North Dakota State 60, IPFW 57

IPFW coach Tony Jasick reflects on Mastodons' near miss


Inertia Sports Media
IPFW's Joe Edwards tries to get around North Dakota State's Mike Felt on Tuesday in Sioux Falls, S.D.
Summit League tournament

Heartbreaker: Mastodons' shot at NCAA berth slips away

Inertia Sports Media
IPFW’s Pierre Bland defends North Dakota State’s Taylor Braun during the first half of Tuesday’s championship game of The Summit League tournament in Sioux Falls, S.D.

SIOUX FALLS, S.D. – And so the Dancin' shoes will stay in the closet, because the basketball did its own devil dance.

Off the rim. Around the rim. In and out of the cylinder. Out of and into and out of the cylinder again.

For 10 long minutes, plus 41 seconds, the IPFW Mastodons (24-10) watched the basketball misbehave Tuesday, and when it was over, so were their hopes of reaching the Big Dance for the first time. Instead, it was No. 1 seed North Dakota State (25-6) who got its NCAA tournament ticket punched, outlasting an IPFW team that characteristically refused to go away, 60-57, in the championship game of The Summit League tournament.

Late Tuesday night, IPFW athletic director Kelley Hartley Hutton confirmed the Mastodons had accepted a bid to the College Insider Tournament (CIT).

North Dakota State's victory, meanwhile, gave the Bison their first conference tournament title since 2009, and only their second ever. And it wasn't sealed until IPFW forward Luis Jacobo's desperation bid to tie sailed wide left as the horn sounded.

It was a fitting if not proper end to an evening in which the Mastodons played a dazzling first half and then went dry, making just three field goals across that last 10:41.

"I thought we left a lot of balls on the rim that just didn't fall tonight for us," IPFW coach Tony Jasick said. "I thought Steve (Forbes) had three or four that were makes that just didn't fall. And again, give credit to North Dakota State. They're one of the best defensive teams in our league and unfortunately we weren't able to convert on some of those plays.

"It's unfortunate because I thought our guys competed hard enough to win the game."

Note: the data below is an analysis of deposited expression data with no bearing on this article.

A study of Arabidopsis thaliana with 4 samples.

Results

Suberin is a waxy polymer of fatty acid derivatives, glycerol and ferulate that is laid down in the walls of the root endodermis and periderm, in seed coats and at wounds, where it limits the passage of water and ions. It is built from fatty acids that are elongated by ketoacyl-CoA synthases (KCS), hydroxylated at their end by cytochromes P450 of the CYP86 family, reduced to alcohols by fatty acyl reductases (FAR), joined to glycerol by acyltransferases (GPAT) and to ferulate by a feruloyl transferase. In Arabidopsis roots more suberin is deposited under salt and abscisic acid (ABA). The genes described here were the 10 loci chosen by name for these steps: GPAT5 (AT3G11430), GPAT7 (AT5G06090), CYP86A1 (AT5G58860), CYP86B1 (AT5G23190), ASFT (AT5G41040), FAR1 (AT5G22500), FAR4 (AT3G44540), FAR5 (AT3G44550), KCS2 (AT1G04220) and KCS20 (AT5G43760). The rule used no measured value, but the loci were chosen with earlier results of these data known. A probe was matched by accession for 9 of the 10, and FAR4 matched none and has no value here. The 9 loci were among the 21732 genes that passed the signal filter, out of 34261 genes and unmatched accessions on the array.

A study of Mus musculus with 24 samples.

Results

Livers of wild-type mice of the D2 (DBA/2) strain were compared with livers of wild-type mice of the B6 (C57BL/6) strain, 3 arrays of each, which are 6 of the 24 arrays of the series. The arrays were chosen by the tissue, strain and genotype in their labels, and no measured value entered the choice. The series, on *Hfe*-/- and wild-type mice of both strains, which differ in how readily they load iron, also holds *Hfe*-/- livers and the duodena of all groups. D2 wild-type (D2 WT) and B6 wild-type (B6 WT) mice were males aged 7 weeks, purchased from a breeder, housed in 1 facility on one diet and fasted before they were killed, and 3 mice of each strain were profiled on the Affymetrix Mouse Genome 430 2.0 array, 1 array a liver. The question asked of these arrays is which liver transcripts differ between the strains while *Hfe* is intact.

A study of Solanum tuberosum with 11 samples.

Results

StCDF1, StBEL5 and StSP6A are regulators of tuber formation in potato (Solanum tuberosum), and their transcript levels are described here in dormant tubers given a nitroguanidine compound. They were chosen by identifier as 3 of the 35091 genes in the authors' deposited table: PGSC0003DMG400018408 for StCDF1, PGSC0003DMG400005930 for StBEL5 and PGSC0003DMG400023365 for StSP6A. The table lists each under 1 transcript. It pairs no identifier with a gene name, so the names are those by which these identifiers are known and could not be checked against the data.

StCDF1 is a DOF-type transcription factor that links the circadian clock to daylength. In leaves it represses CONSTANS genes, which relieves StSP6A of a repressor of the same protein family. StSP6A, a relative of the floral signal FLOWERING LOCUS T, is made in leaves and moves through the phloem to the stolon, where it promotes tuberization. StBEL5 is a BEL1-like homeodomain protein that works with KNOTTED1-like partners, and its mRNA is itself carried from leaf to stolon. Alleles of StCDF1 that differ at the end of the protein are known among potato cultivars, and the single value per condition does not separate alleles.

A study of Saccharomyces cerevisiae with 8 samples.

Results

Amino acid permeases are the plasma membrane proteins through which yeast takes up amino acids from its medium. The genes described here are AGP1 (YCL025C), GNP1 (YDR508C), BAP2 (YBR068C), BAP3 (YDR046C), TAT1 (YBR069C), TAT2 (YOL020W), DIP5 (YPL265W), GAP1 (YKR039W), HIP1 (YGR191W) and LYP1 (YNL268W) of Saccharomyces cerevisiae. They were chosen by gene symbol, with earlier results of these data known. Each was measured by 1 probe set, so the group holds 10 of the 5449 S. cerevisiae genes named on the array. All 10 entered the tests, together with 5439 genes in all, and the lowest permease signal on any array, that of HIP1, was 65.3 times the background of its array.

That was evident from the Bisons' own struggles. They went 7:23 without a field goal in the second half, got outrebounded 37-29, made just 5-of-16 3s and shot just 41 percent. But Taylor Braun scored eight of the Bison's last nine points down the stretch, and the Mastodons couldn't quite fully answer.

Braun could.

After 13 lead changes, he corkscrewed down the lane to spin in a layup with 1:18 remaining, giving North Dakota State the lead for good, 56-55. Forbes' hook shot in the lane spun out, and then Braun threw in a Houdini runner and cashed the free throw with 12 seconds showing to push the lead to 59-55.

Joe Reed's putback with three seconds showing cut the lead in half, but Kory Brown knocked home two free throws a second later to put it out of reach.

The Mastodons dominated the first half after six early lead changes, shooting 50 percent and making exactly half of their 3-point attempts (5 of 10) while outrebounding the longer Bison 21-12. Jacobo and Michael Kibiloski led the scoring with nine apiece.

North Dakota State, meanwhile, shot just 40 percent (12 of 30) and just 3 of 11 from the arc – a big reason why the Bison never saw the lead in the first half after Jacobo dropped a 3-pointer to turn an 11-10 edge into 14-10 at the 14:40 mark, putting North Dakota State in chase mode thereafter.

I thought that was high level basketball game," said Jasick, whose team was led by Jacobo, Kibiloski and Pierre Bland, all of whom finished with nine points. "I give a lot of credit to really both teams, but I thought North Dakota State continued to compete.

"When you get here, you've got 13 guys on each team that are literally laying it on the line every possession. I think they played their butts off."